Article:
Last modified: Mon Nov 04 2019 16:15:12 GMT+0000 (Coordinated Universal Time)

How to develop on Microsoft Windows?

Our primary development platform is Linux. If you'd like to develop, or test out our tools on Windows, this guide should help you. This guide will also help you to get truffle up and running.

Runtime environment


Most of our and Ethereum tooling is written in JavaScript that runs in a Node.js environment. Part of this ecosystem is the npm package manager which we use to distribute our releases.

To get both of those running, just install Node from the official page. During the installation, be sure that npm is installed as well.

You can verify successful installation by running node --version and npm --version in powershell. It should return a version number.

After that, you are able to run your own instances of our tooling installed in the global npm's namespace, such as:

$ npm install -g @windingtree/wt-hotel-explorer superstatic
$  $env:WT_READ_API=''; $env:WT_SEARCH_API=''; wt-hotel-explorer

After these, you should be able to visit a http://localhost:8080 which is a default location of the web server running the Hotel Explorer instance.


The other way to run our software is by using Docker images. You will need to install Docker Desktop and once you have that, you can interact with our images like this:

$ docker pull windingtree/wt-read-api
$ docker run -p 3000:3000 -e ETH_NETWORK_PROVIDER=... -e WT_CONFIG=madrid windingtree/wt-read-api

While this will work if you want to play around with our tools, it's not enough to make and test any changes.

Development environment

First off, you need to have a working git. Be sure to install Git Bash along with it, it will make the things much easier for you.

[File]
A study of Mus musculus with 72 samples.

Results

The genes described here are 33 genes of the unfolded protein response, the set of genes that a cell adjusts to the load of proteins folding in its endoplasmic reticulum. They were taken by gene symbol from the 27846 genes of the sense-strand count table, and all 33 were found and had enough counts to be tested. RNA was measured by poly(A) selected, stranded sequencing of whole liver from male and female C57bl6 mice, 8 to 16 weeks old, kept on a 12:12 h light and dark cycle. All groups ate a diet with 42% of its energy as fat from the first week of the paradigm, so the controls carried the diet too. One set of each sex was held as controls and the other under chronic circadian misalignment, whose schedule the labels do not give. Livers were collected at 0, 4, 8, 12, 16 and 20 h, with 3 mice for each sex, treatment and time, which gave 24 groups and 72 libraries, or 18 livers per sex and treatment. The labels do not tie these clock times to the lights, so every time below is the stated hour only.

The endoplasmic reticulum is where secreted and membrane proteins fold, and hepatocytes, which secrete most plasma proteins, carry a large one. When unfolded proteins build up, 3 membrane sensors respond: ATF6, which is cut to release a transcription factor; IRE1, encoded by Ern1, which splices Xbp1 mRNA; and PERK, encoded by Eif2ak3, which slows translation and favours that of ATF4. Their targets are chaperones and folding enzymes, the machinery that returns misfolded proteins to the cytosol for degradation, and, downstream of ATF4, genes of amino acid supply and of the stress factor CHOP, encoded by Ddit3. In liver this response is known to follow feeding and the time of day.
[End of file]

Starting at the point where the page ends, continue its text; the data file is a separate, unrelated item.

Some of our dependencies require compilation during the installation phase. For that, we need the windows-build-tools package for Node.js. Follow the instructions in node-gyp, basically run npm install --global --production windows-build-tools in a cmd or PowerShell with Administrative privileges.

The biggest difference between development on Linux and Windows is the handling of environment variables which we heavily rely on. It is possible to make everything cross platform, but we will stick with Git Bash from now on, which mimicks the environment variable handling of a Linux system.

However, there is one more command we need to run before the things start to work. This tells npm to run all scripts in a bash environment which properly interprets the environment variables. Run this in the Git Bash instance.

npm config set script-shell "C:\\Program Files\\git\\bin\\bash.exe"

We will test things out on our Read API.

# Clone the repository
$ git clone
# Jump into the directory
$ cd wt-read-api
# Install dependencies
$ npm install
# Prepare the local instance
$ npm run resolve-swagger-references
# Run a test suite
$ npm test

If none of these commands spits out any errors, you were successful! Everything should work just fine from now on. You can start with running the Read API in an isolated dev mode. First, we need to start a local Ethereum network with npm run dev-net. In a different instance of Git Bash, start the API:

$ npm run dev

If you visit the http://localhost:3000, you should see the API running. Note: There might currently be some issues with ending the processes. If you are not able to start the API again, try looking for and killing a dangling node processes in your Task manager.

Now, when you make changes to the source code, the npm test script should pick it up immediately.

The same setup works for othernpm repositories such as our smart contracts wt-contracts or our ORG.ID getting started tutorial repository.

The only culprit you can encounter with truffle is the need to rename the truffle.js to truffle-config.js on Windows.